A recent Dallas Morning News editorial decried the use of expert witnesses who claim to have the ability to predict future dangerousness, a determination that jurors in Texas heavily rely on in sentencing people to death. The editorial states:

In Texas, we execute criminals not for what they did, but for what they might do.

Convicted murderer David Harris has a date with the executioner June 30 for having killed a man in a Beaumont gunfight. But that’s not enough to get Mr. Harris, or any Texas murderer, a death sentence.

Here, a convicted murderer can only draw the death penalty if, according to state law, a jury is unanimously convinced that “there is a probability that the defendant would commit criminal acts of violence that would constitute a continuing threat to society.”

This newspaper has supported the death penalty, but this statute is wrong and should not stand.

How can a jury know what violent crimes anybody might commit? They could consult with the Psychic Friends Network. Or they could do something that the American Psychiatric Association considers about as reliable: ask a psychiatrist to give his expert opinion. According to The New York Times, Dr. Edward Gripon, the psychiatrist and expert witness who helped convince a jury of David Harris’ future dangerousness, never met the defendant and based his expert testimony on the prosecution’s description of the man’s conduct.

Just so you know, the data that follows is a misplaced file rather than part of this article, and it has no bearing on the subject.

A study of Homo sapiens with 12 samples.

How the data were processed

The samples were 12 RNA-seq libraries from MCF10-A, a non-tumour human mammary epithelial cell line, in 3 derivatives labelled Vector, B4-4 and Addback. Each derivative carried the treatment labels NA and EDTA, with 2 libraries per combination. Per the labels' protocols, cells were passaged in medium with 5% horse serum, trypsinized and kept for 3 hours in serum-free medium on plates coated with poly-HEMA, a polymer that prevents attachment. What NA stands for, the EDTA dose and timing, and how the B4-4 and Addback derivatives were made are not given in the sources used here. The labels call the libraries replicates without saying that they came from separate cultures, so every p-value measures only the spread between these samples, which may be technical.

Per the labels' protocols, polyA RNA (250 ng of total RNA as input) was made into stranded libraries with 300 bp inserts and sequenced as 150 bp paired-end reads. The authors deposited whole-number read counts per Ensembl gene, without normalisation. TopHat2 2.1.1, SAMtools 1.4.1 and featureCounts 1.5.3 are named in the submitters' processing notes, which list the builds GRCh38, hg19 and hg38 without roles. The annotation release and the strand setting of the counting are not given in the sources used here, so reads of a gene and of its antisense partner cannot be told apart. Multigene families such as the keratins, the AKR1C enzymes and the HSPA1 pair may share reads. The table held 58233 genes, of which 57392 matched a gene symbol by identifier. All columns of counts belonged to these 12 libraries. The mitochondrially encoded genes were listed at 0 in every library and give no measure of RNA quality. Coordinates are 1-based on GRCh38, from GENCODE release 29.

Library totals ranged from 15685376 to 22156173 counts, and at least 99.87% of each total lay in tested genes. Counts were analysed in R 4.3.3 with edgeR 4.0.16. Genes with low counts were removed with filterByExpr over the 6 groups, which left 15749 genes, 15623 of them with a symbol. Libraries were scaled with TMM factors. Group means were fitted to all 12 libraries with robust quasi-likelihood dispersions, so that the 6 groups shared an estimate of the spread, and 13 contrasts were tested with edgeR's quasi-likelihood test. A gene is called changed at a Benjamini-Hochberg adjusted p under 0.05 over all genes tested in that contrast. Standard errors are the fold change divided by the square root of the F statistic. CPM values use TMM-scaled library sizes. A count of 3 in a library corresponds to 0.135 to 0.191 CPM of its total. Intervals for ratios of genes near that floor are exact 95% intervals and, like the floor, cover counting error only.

Dr. Gripon guessed wrong. The most violent thing Mr. Harris has done since his 1986 conviction was kick a guard’s boot. Because of a lazy psychiatrist’s bad judgment, a man who ought to be spending life in prison will die.

It’s appropriate to consider possible future acts in parole hearings or when determining sentence length. But such speculation should never be the determining factor in whether the state takes a person’s life. Pseudo-scientific guesswork has no place in matters of life and death.

(Dallas Morning News, June 16, 2004) (emphasis added). See Editorials.